I didn't have an actual shift today for observation, so most of my times today were spent in the office typing up yesterday's observations and finding research paper for ths project - ranging from searching for terms including Megalaima, oorti, nuchalis, Family Capitonidae, barbets, cavity nesters, and others. Sadly, very few results were obtained as there seems to be very little work done about this group of birds. This makes me think about the advantages and disadvantages of doing research about little-known animals - good being the pioneer of the subject, but bad being the lack of information available to you to write up your report.
Anyways, there were some time for me to be out in the botanical garden looking for birds, including the barbets. Some different (and lifer) species are: a Common Kingfisher (Alcedo atthis), a pair of Chinese Bulbul younglings, and a Black-naped Monarch (Hypothymis azurea) - all of them are photographed below. I also saw a Gray Treepie today perched on a satellite tower of a building.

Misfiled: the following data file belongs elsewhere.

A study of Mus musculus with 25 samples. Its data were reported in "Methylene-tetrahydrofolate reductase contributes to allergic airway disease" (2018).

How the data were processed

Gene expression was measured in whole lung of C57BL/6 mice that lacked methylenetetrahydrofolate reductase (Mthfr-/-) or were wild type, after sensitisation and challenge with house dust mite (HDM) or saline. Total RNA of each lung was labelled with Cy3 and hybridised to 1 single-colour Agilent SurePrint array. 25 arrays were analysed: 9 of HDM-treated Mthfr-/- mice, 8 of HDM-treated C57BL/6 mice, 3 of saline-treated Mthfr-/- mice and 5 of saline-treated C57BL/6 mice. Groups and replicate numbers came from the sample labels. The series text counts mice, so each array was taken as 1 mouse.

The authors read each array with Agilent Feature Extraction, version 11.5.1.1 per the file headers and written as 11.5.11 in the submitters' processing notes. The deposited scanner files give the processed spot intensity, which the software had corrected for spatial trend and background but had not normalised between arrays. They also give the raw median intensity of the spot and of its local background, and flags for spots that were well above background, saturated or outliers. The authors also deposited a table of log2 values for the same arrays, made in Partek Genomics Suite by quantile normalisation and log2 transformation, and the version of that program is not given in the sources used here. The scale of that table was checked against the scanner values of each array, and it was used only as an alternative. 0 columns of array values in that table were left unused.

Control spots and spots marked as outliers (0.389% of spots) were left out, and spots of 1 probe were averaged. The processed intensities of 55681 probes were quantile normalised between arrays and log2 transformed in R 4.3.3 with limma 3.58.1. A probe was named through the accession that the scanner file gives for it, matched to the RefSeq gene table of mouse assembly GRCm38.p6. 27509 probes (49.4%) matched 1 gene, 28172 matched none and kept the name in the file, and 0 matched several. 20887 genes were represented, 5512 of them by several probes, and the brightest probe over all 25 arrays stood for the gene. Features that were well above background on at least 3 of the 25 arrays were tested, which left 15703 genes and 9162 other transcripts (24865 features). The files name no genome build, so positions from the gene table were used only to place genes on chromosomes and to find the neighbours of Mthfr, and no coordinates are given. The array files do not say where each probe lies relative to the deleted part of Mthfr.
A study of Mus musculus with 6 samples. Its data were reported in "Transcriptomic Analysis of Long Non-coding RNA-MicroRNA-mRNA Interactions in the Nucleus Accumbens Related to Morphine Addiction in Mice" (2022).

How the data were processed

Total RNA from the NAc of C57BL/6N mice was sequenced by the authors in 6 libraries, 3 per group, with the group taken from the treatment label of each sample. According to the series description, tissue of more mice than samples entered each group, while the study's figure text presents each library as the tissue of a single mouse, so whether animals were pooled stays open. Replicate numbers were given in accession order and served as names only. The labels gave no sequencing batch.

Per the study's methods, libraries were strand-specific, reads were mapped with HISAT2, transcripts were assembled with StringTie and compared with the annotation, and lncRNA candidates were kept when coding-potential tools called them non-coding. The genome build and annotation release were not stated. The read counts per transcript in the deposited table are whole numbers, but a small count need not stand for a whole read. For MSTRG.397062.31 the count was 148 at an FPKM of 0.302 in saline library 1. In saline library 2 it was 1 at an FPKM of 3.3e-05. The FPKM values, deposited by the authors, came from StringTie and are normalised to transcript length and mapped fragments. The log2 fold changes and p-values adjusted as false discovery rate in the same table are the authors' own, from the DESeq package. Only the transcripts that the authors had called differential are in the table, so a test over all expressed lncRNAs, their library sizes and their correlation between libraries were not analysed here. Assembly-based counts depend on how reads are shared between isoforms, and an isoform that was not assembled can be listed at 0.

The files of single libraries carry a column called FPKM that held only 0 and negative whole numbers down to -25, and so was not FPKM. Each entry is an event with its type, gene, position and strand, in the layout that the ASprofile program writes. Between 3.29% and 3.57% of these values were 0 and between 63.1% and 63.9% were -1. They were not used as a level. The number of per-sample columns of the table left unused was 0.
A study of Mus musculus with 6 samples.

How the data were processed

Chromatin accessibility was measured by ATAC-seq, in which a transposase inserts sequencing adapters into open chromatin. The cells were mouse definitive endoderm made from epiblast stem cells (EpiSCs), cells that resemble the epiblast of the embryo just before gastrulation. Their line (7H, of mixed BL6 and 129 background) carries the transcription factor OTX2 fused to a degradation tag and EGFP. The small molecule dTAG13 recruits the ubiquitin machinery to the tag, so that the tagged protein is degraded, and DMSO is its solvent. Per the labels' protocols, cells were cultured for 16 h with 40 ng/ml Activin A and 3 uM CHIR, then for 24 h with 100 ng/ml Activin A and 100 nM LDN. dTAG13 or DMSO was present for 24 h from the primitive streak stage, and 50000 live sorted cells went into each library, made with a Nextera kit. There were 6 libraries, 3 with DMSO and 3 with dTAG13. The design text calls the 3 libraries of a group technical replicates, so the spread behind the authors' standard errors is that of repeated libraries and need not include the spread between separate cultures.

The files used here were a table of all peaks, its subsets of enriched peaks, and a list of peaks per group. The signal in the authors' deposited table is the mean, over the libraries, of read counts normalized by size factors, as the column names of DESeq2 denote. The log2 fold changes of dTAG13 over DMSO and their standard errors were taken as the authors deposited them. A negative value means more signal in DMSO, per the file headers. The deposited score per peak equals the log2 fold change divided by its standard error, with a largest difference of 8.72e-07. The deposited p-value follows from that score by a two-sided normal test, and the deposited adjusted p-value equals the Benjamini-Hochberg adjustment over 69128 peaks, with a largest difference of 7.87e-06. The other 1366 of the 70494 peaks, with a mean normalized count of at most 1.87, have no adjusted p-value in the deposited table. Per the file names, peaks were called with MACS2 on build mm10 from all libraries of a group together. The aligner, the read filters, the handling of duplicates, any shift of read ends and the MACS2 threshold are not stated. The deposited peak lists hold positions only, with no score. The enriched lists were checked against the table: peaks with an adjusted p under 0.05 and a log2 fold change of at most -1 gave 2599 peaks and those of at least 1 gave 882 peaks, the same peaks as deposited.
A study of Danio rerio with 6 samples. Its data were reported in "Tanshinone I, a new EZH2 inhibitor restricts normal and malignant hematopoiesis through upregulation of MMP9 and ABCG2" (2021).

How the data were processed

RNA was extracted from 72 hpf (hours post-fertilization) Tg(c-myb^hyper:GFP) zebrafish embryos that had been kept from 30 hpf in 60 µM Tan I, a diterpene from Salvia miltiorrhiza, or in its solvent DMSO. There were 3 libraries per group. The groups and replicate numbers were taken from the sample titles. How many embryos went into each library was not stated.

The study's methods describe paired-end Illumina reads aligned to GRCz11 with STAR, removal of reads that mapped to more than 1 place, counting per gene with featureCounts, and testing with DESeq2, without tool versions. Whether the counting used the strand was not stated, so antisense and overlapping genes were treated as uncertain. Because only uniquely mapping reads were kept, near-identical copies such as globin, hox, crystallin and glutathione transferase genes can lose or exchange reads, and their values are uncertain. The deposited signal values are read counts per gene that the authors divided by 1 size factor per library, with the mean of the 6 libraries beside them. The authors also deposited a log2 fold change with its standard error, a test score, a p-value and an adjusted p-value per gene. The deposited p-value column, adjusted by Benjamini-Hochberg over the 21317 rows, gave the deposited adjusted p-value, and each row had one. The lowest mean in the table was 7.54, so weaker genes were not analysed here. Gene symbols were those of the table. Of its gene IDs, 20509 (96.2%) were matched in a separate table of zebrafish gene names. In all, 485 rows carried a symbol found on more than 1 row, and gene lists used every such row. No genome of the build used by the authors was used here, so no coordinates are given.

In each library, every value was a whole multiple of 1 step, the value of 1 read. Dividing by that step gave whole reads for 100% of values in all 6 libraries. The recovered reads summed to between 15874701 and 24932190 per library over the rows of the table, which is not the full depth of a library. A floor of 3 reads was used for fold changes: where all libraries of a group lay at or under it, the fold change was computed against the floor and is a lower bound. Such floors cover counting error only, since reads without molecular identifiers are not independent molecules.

A co-worker and I took over for a pair of volunteer observers working for over five hours. All of our volunteers (excluding me) are mostly retired teachers who like working outdoors with nature.
The parental pair of Muller's Barbets are still incubating their eggs, and switching over every thirty minutes to an hour. During this period, the parent incubating the egg will occasionally peek out of the hole and look around. Perhaps wondering why its mate has not returned, or maybe it is just bored inside the hole. We have not yet able to devise a method to record the actions inside the nest as the supply light from the video recorder frightens the adults and they will abandon the hole. Does anyone know any good method of setting up cameras inside a dark nest, particularly for a cavity nester?